Published by Roaring Brook Press on September 19th 2017
An unlikely teenager starts a feminist revolution at a small-town Texan high school in the new novel from Jennifer Matheiu, author of The Truth About Alice.MOXIE GIRLS FIGHT BACK!
Vivian Carter is fed up. Fed up with a school administration at her small-town Texas high school that thinks the football team can do no wrong. Fed up with sexist dress codes, hallway harassment, and gross comments from guys during class. But most of all, Viv Carter is fed up with always following the rules.
Viv's mom was a tough-as-nails, punk rock Riot Grrrl in the '90s, and now Viv takes a page from her mother's past and creates a feminist zine that she distributes anonymously to her classmates. She's just blowing off steam, but other girls respond. As Viv forges friendships with other young women across the divides of cliques and popularity rankings, she realizes that what she has started is nothing short of a girl revolution.
Moxie is a book about high school life that will make you wanna riot!
Trigger warnings for rape/sexual assault
Well, this was a fun, feminist read! Upon finishing it, my first thought was, “man, I wish Moxie had existed when I was in high school.” I wish I could go back in time and give a copy of this book to every girl in my rural-small-town, conservative high school who told me feminism equated to hating men, or that they “believed in equal rights, but didn’t consider themselves feminists.”
Moxie follows our protagonist, Viv, as she, fed up with the casual sexism at her high school and inspired by memorabilia from her mom’s Riot Grrrl days, decides to write and anonymously distribute a feminist zine to all the girls in her high school. This is a girl power story, through and through. It’s about girls standing up for each other and banding together to fight the patriarchy. One thing I appreciated about this story was the fact that Viv actively chose to remain anonymous and not out herself as the creator of Moxie, therefore allowing the movement, the zine, and the ideas contained within to belong to everyone. I loved how girls throughout Viv’s high school got inspired by Moxie and took their own steps to further develop its ideas. Moxie also features a large focus on girl friendship, which I so appreciated. I also did appreciate the way this book addressed that women of color experience oppression in different ways than white women, and brought up the idea of interlocking oppressions. This was an especially important inclusion in Moxie, since probably the biggest criticism of the Riot Grrrl movement of the 90’s is that it did not welcome or include the experiences of women of color.
I will say, I wasn’t completely crazy about the romance. I appreciated the fact that Seth, despite being clueless on some issues, shows a genuine willingness to listen to Vivi when she explains why something he says is problematic. He’s not perfect, but his heart is in the right place. I just personally didn’t care for him as a character, and I didn’t feel like his perspective added a ton to the story besides the “well-intentioned-but-misinformed-male-ally” perspective he granted.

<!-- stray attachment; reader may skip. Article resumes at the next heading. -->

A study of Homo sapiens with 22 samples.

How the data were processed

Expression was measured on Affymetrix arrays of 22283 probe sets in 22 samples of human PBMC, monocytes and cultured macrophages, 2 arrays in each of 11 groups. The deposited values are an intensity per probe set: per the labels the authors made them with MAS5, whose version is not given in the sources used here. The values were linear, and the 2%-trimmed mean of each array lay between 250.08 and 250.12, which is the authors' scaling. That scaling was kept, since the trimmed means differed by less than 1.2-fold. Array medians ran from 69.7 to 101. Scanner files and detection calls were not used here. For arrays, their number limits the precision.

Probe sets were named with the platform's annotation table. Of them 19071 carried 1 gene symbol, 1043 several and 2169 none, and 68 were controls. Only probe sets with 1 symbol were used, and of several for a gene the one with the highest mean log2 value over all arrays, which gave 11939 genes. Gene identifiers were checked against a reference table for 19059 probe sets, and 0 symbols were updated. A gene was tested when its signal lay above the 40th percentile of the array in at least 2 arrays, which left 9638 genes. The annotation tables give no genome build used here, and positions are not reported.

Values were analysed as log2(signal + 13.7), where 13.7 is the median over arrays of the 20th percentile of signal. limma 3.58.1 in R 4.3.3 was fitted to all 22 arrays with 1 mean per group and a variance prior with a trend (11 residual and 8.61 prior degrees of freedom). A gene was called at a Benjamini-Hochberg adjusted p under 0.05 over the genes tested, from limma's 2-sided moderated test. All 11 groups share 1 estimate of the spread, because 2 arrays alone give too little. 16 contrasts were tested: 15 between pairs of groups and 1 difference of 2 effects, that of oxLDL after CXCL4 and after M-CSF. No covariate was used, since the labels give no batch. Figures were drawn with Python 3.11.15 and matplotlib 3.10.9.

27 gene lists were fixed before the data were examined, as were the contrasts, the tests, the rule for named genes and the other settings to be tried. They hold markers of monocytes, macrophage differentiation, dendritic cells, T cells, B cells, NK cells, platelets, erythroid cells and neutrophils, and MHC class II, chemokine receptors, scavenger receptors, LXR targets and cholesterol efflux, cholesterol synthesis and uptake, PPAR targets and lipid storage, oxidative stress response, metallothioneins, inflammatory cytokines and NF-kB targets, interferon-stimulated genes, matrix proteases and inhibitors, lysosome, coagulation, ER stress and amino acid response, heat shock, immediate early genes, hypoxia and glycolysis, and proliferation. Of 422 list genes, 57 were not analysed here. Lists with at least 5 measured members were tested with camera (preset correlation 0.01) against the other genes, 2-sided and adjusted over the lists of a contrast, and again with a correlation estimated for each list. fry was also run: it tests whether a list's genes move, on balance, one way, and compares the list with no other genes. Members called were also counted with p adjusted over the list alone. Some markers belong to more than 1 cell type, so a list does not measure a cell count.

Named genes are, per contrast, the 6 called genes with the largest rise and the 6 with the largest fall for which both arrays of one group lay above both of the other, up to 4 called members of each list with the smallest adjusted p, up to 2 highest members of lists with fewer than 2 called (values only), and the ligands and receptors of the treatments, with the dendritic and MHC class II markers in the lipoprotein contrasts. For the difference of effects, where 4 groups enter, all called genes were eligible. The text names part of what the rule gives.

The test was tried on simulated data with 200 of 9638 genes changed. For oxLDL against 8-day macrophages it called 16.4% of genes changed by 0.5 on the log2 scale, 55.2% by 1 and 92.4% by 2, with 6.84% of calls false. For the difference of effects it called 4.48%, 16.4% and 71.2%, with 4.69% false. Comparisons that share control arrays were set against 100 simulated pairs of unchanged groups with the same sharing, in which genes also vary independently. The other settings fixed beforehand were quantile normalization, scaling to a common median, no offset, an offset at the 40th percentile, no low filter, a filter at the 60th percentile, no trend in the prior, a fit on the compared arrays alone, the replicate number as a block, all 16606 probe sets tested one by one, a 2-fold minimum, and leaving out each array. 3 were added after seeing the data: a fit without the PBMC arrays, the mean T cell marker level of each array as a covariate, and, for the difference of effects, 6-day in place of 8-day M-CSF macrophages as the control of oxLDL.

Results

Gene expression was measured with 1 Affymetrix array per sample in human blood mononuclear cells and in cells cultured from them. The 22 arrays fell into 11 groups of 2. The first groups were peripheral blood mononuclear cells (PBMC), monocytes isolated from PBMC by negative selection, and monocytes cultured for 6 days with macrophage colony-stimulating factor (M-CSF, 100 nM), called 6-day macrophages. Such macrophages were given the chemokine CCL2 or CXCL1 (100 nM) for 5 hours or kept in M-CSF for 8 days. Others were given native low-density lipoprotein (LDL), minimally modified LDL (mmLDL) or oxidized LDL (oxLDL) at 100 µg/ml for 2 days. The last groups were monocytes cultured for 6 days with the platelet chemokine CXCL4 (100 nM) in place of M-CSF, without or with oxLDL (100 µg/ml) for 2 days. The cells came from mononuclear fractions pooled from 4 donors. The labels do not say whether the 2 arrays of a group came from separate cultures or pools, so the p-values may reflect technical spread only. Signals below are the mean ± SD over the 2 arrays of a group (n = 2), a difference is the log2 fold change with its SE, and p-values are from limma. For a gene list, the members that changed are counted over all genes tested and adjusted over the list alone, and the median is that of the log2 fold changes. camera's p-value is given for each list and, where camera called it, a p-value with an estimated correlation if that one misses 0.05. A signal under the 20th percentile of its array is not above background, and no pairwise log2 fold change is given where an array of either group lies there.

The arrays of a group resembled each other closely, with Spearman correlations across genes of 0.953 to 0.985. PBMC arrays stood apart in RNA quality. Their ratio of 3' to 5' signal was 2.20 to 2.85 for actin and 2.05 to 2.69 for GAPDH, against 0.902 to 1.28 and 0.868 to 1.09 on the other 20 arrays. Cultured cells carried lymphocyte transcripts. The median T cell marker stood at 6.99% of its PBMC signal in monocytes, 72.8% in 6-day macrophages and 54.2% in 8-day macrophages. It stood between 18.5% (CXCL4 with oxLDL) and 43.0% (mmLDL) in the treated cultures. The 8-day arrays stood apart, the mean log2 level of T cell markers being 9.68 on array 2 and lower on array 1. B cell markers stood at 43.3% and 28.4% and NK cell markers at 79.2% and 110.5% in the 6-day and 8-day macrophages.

My feminism has certainly progressed since high school, and I recognize that Moxie is by no means a perfect book. I think it could have gone much further in terms of intersectionality, and the POV in this book is that of an allocishet white woman. While, like I mentioned, intersectionality in terms of race was touched on (albeit briefly and not too deeply)… where were the queer women? The trans women? The women with disabilities, or with mental illnesses? This book could have really, really used these perspectives. Without them, I feel like it’s impossible to paint a complete picture of feminism. However, I believe that doesn’t take away from the importance of Moxie as a book. So many of the issues addressed– sexist dress codes and enforcement of these dress codes, school administrators covering up rape allegations against star football players, casual misogynist comments from guys– are issues girls in American high schools face every single day. Because of this, I think Moxie constitutes a great introductory feminist manifesto for young women. Oh, and remember that gross review from Kirkus that accused Moxie of being man-hating and “driving away male allies?” Yeah, I can confirm this is 100% not the case in this book. In fact, the main character takes the time to educate her (well-intentioned) boyfriend as to why she finds some of the things he says re: feminism harmful, damaging, or simply misinformed. I just don’t think Viv explaining to her boyfriend why victim-blaming a rape survivor is wrong = driving away male allies. *side eyes Kirkus*
Overall, I would recommend Moxie to almost anyone. Again, it’s not perfect, but it does something good. It’s a welcome addition to feminist YA lit. I think girls will find themselves in these pages, and I can’t wait for those girls to take some of the ideas in Moxie and run with them. And remember: moxie girls fight back!
Have you read Moxie? If so, what did you think? If not, are you looking forward to its release?